C.A.R.'s Guidance on Governor's Stay-at-Home Order
Updated March 20, 2020
“Yesterday Governor Newsom and the State Public Health Officer issued Executive Order N-33-20 requiring all Californians to stay home except as needed to maintain continuity of operations in 16 infrastructure sectors. This supersedes all existing local city and county orders that are less restrictive. The real estate industry is not exempt from this prohibition except as needed to maintain “continuity of operation … of … construction, including housing construction.” Therefore, REALTORS® should cease doing all face-to-face marketing or sales activities, including showings, listing appointments, open houses and property inspections. Clients and other consumers are also subject to these orders and should not be visiting properties or conducting other business in person.
Property management and repair work, which generally involves maintaining sanitary and safety conditions is permissible. Additionally, many other aspects of the real estate industry can continue to occur without in-person contact, including documentation and signing, and in many circumstances, closings. Other activities may also be managed remotely, though there may be some difficulties.”
Impact on MLS Statuses, Showing Instructions and DOM
In light of the Governor’s order on March 19, 2020, it would be appropriate for the MLS listing status to be changed by the listing agent to hold or withdraw— but if the listing agreement is still in effect, one would not select cancelled.
Also, it would be reasonable under the circumstances, if so desired, for an MLS in its discretion to alter its usual showing instructions and/or DOM approach, either by taking a unilateral approach systematically in the MLS or simply to offer participants the option to alter their status designation into a field that suspends the clock, ex: hold or the like in one’s system. An MLS could also decide to make no changes to its offerings because it's a given that all California listings are subject to this same order of March 19, 2020, such that those active during this time would be assessed in the same light.
If an MLS does alter or suspend the DOM, keep in mind, however, portals like Zillow, Realtor.com and others that also calculate their own DOM might not be changing their DOM calculations. That raises the concern of having two differing, publicly available DOM sources, possibly causing the buying public to lose confidence in the MLS reporting and/or creating potential liability situations for agents for inaccurate reporting. Thus, if an MLS does decide to pause the DOM calculations, best practice would be to keep measuring things both ways so that future evaluation of this current marketplace will be possible. When this is all over, it will still be important to keep an accurate tracking of what happened, so even if the DOM clock stops, the CDOM clock should keep going so the total picture is still there.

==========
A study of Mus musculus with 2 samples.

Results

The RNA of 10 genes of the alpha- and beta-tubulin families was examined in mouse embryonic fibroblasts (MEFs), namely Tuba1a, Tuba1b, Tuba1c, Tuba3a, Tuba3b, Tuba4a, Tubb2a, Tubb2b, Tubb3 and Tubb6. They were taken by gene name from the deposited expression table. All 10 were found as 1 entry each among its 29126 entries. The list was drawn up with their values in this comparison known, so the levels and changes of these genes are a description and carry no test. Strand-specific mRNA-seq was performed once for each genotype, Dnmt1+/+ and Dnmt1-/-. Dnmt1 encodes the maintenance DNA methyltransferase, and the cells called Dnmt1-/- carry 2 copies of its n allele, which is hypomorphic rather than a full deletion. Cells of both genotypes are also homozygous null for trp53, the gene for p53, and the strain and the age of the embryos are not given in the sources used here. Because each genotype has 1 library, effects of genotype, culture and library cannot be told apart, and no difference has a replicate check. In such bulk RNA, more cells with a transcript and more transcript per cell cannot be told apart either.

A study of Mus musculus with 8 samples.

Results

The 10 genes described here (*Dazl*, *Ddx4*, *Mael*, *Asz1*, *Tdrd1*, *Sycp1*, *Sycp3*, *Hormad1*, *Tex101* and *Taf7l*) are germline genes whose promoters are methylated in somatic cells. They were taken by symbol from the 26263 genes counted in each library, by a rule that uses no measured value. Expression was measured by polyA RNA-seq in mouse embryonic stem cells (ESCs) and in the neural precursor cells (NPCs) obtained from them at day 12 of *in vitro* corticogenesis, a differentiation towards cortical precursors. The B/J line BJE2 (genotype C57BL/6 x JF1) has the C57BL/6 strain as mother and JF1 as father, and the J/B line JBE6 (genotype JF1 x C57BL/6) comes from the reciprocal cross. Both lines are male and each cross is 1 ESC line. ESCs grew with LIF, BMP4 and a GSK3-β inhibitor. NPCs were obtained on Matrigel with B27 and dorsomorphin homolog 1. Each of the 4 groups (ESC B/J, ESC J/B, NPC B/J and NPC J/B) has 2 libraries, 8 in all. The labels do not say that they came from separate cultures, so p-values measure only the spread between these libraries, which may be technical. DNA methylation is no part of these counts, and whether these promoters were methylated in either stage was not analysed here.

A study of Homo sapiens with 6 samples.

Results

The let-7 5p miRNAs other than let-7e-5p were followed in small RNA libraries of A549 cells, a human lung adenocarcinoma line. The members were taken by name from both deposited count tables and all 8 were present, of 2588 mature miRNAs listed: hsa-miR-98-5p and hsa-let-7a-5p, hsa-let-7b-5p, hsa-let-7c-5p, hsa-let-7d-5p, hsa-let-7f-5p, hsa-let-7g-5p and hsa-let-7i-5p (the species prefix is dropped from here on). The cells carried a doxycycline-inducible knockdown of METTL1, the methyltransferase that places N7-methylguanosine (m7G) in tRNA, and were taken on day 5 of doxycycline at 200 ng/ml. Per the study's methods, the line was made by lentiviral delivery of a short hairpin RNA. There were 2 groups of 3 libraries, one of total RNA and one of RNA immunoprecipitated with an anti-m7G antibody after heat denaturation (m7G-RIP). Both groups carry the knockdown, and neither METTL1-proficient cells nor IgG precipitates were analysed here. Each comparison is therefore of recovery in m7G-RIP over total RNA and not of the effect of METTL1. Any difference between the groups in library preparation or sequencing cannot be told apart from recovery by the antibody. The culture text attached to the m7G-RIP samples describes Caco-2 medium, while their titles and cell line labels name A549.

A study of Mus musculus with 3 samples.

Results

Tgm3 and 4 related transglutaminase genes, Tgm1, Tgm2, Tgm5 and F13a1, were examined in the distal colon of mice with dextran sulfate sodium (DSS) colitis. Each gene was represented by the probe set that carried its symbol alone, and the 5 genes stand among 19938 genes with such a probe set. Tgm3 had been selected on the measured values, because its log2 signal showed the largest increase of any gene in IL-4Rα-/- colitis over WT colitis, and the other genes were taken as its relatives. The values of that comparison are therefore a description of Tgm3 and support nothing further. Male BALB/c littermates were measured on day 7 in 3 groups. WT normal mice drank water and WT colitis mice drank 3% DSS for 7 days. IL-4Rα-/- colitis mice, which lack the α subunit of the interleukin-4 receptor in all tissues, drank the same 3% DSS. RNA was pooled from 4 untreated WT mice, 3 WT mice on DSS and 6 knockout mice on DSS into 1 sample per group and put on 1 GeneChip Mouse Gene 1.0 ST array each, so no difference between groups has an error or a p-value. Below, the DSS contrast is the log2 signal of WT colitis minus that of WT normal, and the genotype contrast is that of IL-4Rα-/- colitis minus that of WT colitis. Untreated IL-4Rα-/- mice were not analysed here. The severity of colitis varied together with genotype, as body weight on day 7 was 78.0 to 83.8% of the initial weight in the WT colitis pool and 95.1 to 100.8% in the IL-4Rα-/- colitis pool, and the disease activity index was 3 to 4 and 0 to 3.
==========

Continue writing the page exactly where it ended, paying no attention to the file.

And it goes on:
Based on that which is set forth above, the MLS has various options to consider depending on what works best locally and within the fields and functionality of its system.
Disclosure of Potential COVID 19 Exposure
What to do if an agent learns that a visitor to the property, including potentially another agent, tested positive to COVID 19 — is disclosure required or recommended?
This information would be material to anyone at risk for potential exposure but raises the question of whether it’s a property concern or a people concern. Is the concern that the property site itself might have been or is contaminated? Or is the risk of having been around a particular person? And was this person on or offsite from the property?
Legally, known material conditions related to the property should be disclosed. Per the CDC, it’s possible the virus can spread from contact with infected surfaces or objects on a property, meaning a person could get COVID-19 by touching a surface or object that has the virus on it and then touching their own mouth, nose, or possibly their eyes, but this is not thought to be the main way the virus spreads. However, the more relevant aspect to potential exposure pertains to the timing of contact with the property and the infected person and any others who came for a period thereafter. This is not purely or a per-se property condition. But to be on the safe side, a disclosure could be made. Disclosing through the MLS would not be the most effective way to communicate this information because (a) no further showings should be ongoing under the order of March 19, 2020, and (b) the concern at issue is backward-oriented and person-focused (and not a permanent property condition) for those potential visitors and/or agents identifiable from lockbox or other records as having been at the property during that time period with the exposed person. Notice could then be given in a targeted way.
If making a disclosure, it should be done in a generic way so as not to invade privacy or implicate personal information. This would mean not using names but a general description along the line of “a visitor to the property on Xdate has tested positive for COVID 19.”
The CDC provides the following notice advice in the employment context — albeit it’s not an apples to apples comparison for the fact pattern described above, but it could be looked to for guidance: If an employee is confirmed to have COVID-19, employers should inform fellow employees of their possible exposure to COVID-19 in the workplace but maintain confidentiality as required by the Americans with Disabilities Act (ADA). Employees exposed to a coworker with confirmed COVID-19 should refer to CDC guidance for how to conduct a risk assessment of their potential exposure.